My Beat is a blog series that turns the spotlight towards technical employees across various disciplines and roles to showcase what a typical day as a Spotifier consists of.
Dave moved to Stockholm three years ago and works for Spotify as a Senior Staff Engineer. He and his wife are now happily settled into Swedish life – and his two young children already speak the language like locals…
I never set an alarm clock these days—my children wake me up sometime before 7am and we get them breakfast, help them get dressed and all get ready for the day. One of the coolest things about where we live in Stockholm is that everything is within walking distance—I just cross the street to drop our younger kid at preschool, go two blocks down to drop the older one at their school, and then walk 15 minutes to get to our main office. My wife works at Spotify too, so we often walk together—it’s a great way to start the day, much better than sitting in traffic every day like we did back in the US!
As soon as I get into work, I grab breakfast from the office cafeteria, check my emails and figure out what I’ve got going on for the day. I’m part of the Platform (infrastructure and developer tooling) team, working on various projects related to backend infrastructure, which means anything from service runtime to air subs communication. A big thing for me at the moment is that I’m the tech lead on a wider company initiative to improve user journeys—how listeners are navigating and moving through our app, and what happens to them between the Home screen and their eventual choice of music. We’re always trying to do a better job of showing people things they want to see and interact with. And the ultimate, wider goal is to customize to such an extent that no two listeners experience the same user journey.
I also spend a whole bunch of time thinking about how Spotify works with public cloud providers, like Google Cloud. I’m always working hard to get us more active in open-source communities around infrastructure—for instance, the Cloud Native Computing Foundation, home of projects like Kubernetes and a few other massive open-source projects.
All of these different job roles mean my days can vary wildly—sometimes, my diary is full of meetings, but other days involve more time digging into data or documents back at my desk.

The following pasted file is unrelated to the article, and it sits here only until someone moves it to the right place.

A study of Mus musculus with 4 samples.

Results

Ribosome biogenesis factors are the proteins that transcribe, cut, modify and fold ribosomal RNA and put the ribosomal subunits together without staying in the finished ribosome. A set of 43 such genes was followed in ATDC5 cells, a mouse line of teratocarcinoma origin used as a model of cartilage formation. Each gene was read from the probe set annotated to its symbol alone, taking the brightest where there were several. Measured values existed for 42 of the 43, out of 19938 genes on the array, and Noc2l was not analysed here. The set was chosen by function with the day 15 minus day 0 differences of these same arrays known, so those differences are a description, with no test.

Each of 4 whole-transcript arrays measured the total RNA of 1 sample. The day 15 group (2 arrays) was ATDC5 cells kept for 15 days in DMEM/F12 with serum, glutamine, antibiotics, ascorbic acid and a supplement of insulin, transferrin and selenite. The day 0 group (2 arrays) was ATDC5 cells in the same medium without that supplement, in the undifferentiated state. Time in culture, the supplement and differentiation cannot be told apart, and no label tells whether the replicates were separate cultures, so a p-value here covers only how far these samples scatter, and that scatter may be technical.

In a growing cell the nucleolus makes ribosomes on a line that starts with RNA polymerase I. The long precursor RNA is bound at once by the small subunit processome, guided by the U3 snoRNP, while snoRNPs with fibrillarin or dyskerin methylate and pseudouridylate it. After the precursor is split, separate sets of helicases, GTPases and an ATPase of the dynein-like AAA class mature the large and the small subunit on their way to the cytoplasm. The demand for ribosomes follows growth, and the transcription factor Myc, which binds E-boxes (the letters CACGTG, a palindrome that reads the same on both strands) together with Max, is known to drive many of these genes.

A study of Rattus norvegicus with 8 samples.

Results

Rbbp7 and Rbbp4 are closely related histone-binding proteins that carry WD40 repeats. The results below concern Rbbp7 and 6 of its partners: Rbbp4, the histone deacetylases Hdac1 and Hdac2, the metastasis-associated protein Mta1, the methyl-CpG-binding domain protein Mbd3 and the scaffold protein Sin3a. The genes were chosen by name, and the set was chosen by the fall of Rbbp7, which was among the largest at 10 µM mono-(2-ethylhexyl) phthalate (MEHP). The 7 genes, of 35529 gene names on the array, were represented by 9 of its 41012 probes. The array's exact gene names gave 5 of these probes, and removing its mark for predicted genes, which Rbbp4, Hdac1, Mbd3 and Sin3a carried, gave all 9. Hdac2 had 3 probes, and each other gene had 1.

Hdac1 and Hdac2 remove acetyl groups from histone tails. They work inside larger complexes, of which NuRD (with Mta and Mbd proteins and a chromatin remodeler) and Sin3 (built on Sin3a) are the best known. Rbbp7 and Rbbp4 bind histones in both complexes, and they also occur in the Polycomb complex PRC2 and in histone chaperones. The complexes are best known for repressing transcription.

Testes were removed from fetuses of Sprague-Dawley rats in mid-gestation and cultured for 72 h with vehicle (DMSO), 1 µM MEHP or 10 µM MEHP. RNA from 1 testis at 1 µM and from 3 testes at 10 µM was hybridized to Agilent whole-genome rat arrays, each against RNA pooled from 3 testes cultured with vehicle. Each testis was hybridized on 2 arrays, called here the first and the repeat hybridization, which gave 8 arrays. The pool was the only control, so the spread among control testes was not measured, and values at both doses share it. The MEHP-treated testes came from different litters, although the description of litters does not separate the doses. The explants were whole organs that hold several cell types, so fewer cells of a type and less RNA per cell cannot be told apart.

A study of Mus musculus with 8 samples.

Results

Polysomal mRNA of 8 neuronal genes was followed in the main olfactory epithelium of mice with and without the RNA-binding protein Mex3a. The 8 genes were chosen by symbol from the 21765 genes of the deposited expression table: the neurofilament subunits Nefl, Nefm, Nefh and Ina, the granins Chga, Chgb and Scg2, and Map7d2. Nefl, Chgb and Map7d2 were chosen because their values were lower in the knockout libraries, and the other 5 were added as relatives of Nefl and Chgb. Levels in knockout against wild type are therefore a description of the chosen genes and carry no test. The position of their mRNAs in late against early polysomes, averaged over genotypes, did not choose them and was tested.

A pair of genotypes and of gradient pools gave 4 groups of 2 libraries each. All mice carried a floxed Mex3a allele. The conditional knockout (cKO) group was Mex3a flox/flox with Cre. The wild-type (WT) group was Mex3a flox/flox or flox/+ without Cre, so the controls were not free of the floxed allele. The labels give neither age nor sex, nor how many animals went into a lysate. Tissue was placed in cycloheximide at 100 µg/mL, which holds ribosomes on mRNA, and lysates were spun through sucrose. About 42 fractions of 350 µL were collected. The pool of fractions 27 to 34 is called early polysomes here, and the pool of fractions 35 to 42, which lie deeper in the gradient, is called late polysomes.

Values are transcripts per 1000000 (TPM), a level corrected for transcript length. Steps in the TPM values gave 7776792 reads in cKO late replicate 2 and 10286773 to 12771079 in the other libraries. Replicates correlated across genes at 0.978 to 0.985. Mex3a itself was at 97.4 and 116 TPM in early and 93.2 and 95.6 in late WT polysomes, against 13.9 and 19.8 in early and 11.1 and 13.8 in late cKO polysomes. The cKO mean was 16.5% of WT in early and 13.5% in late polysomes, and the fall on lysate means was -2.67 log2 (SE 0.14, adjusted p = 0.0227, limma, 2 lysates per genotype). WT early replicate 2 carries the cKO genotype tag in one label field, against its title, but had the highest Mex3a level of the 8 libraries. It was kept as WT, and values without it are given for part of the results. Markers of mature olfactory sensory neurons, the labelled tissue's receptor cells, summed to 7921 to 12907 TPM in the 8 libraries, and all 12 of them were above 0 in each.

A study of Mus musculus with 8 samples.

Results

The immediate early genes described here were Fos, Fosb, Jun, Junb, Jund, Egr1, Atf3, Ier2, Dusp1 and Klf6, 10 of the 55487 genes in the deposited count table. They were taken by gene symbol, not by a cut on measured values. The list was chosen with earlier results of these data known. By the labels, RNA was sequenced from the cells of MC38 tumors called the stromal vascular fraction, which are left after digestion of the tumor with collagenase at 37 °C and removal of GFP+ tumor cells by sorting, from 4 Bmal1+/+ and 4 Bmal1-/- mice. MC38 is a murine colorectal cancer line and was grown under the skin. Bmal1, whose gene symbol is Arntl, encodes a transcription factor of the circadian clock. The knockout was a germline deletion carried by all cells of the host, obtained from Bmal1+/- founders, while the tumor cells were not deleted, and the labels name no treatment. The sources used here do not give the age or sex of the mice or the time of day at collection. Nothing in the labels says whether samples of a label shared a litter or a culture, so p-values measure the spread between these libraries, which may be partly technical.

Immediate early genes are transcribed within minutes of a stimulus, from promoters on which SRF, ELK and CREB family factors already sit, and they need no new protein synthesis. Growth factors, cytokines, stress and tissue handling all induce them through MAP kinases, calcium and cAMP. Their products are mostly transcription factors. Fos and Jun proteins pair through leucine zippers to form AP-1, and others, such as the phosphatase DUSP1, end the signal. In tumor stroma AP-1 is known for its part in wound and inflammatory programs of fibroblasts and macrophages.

Everyone in the Stockholm office seems to eat at 12 noon precisely, so I do everything I can to avoid the rush! Sometimes, I’ll nip out to a nearby cafe or restaurant with some of my workmates. Or often I’ll grab something from the office cafeteria a bit later and eat it in our social space – where there’s always plenty of people hanging out and great views across the whole city.
At this time of day, the New York office is starting to wake up, so my afternoons tend to be pretty busy with calls and hangouts, especially between 3-5 pm. As well as the usual check-ins and interactions with my team, I also have a few people who I mentor—either through official Spotify mentoring programs or on a more informal, ad hoc basis. And I often help people apply for promotions and try to give them the best possible chance to move on up the ladder.
One of the things I like best about Spotify is that it’s such a supportive place to work. And you’re also given an incredible amount of freedom to do what you want. I think that’s true at all levels—teams throughout the company are able to work fairly autonomously. Of course, this freedom comes with an expectation that you’re accountable and are doing things that are having a positive impact. But as long as you are, there’s so much scope to experiment, change things and improve the metrics that matter to us. Spotify is no longer a start-up, but neither is it set in its ways—we haven’t already defined everything and that’s why you can still make a real difference here.
I tend to leave at around 5 pm and walk to pick up my kids. We often stop at a playground on the way home—in Stockholm, there seems to be one on every corner! And in winter, there’s even ice-skating in some of the local parks. After we’ve all eaten dinner together and the children are in bed, I sometimes go back on my laptop for a little while—it’s rare that I have to do work on weeknights, but often there’s a quick little thing I can do to help someone who’s still awake working in New York. And if I can, I will. I’ve always thought that the most valuable part of my job is making sure everyone else can do theirs.